TAX, RATE CUTS WOULD PERK UP THE SLOWDOWN
January 8, 2008
Back in 2000-01, when the economy was slowing markedly, the Fed obsessed about inflation. It was wrong, and then took a radical U-turn. It can't be the same story again. The money supply hasn't grown in a few years, while inflation is poised to go way down. The Fed must act and act big. After that, elected Washington can do the rest, says columnist Lawrence Kudlow.
Right now, the single best thing President Bush and Congress can do is slash the corporate tax rate for large and small businesses, explains Kudlow:
- Bush must reach out to Charlie Rangel and move the corporate tax to 25 percent from 35 percent.
- Then, instead of taxing successful capitalists as an offset, Congress can entirely abolish corporate-tax subsidy loopholes, special provisions and other corruption-inducing K-Street earmarks.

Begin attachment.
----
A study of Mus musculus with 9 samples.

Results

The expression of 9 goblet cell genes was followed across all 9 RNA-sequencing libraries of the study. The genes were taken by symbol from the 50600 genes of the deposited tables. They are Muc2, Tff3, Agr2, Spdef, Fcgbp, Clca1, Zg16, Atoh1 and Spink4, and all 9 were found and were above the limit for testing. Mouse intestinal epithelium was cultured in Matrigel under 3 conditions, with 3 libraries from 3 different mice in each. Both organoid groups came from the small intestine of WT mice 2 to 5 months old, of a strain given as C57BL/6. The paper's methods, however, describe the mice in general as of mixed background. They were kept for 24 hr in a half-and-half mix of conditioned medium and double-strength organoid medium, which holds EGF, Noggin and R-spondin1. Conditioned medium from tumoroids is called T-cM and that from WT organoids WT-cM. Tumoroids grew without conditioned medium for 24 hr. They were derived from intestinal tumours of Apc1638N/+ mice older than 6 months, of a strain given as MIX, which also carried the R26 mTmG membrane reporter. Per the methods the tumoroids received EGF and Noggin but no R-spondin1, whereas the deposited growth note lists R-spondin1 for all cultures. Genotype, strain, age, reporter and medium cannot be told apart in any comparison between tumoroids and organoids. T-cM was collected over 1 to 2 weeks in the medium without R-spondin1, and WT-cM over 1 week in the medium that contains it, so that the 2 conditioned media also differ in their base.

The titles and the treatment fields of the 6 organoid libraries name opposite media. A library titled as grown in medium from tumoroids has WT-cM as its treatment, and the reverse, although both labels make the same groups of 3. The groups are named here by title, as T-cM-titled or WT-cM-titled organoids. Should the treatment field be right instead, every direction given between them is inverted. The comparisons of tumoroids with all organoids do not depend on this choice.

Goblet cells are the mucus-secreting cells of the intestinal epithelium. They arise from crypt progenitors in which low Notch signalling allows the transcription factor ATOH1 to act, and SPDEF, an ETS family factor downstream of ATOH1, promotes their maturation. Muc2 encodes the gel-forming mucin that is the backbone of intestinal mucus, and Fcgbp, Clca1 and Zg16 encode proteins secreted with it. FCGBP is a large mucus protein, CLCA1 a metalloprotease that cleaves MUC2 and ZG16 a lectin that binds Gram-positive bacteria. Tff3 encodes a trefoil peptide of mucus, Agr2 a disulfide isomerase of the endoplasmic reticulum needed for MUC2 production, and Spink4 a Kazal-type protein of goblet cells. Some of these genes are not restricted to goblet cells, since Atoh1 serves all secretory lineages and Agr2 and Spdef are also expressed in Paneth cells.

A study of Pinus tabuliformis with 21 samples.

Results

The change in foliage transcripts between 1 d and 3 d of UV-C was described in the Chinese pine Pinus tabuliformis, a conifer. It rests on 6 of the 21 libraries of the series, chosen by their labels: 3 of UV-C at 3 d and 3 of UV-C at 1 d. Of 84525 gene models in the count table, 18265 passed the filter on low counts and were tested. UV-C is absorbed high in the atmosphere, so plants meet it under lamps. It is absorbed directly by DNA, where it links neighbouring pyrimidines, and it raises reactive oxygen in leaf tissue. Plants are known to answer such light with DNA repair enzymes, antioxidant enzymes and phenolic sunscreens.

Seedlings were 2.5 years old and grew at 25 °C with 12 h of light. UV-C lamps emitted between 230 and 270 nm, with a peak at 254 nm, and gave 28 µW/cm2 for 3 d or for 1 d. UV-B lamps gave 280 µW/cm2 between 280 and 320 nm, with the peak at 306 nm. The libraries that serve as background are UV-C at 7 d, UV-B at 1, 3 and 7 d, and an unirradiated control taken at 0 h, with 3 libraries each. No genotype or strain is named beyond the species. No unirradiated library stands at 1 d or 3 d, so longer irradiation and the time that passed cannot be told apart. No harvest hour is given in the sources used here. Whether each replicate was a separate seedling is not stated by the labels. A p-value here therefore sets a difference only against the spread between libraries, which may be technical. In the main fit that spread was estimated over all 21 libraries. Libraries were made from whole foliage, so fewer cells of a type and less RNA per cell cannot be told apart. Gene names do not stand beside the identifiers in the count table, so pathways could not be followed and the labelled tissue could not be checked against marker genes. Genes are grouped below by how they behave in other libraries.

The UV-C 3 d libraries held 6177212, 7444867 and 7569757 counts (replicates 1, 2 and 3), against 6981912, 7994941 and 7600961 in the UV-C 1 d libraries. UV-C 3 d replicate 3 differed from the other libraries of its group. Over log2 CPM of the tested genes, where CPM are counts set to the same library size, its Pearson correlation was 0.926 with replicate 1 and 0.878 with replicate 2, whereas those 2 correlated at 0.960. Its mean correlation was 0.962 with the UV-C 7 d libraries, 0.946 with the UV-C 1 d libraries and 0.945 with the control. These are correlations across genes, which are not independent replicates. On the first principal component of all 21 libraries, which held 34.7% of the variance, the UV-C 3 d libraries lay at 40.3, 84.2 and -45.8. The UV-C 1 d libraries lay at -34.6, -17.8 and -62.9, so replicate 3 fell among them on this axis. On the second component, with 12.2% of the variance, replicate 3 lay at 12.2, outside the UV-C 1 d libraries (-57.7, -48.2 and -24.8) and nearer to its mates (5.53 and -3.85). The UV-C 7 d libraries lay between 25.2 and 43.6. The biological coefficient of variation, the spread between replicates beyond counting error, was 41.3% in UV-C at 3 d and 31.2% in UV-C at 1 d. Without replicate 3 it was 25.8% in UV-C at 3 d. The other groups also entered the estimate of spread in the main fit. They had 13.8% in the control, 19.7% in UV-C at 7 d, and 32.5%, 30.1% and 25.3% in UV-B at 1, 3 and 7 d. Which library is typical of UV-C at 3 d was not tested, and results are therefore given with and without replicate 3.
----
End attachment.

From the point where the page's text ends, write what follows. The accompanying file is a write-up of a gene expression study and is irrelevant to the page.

- A middle-class tax cut to help families and small businesses would also work wonders; this can be done by collapsing the three middle-income tax brackets of 15 percent ($15,650), 25 percent ($63,700) and 28 percent ($128,500) into one 15 percent bracket.
These brackets apply to small-business owners who may be suffering the high costs of energy and raw materials. The biggest weakness in the jobs report is the household survey, which is made up of these owner-operated small businesses. Household job increases have slumped to only 262,000 over the last year.
A major cut in the corporate tax and a simplification of the middle-income tax brackets makes good economic sense. It would help the current softening of the economy and increase America's long-run potential to grow. This is a good plan for President Bush as well as the GOP candidates on the campaign trail. It sure beats talking the economy down, says Kudlow.
Source: Lawrence Kudlow, "Tax, Rate Cuts Would Perk Up The Slowdown," Investor's Business Daily, January 7, 2008.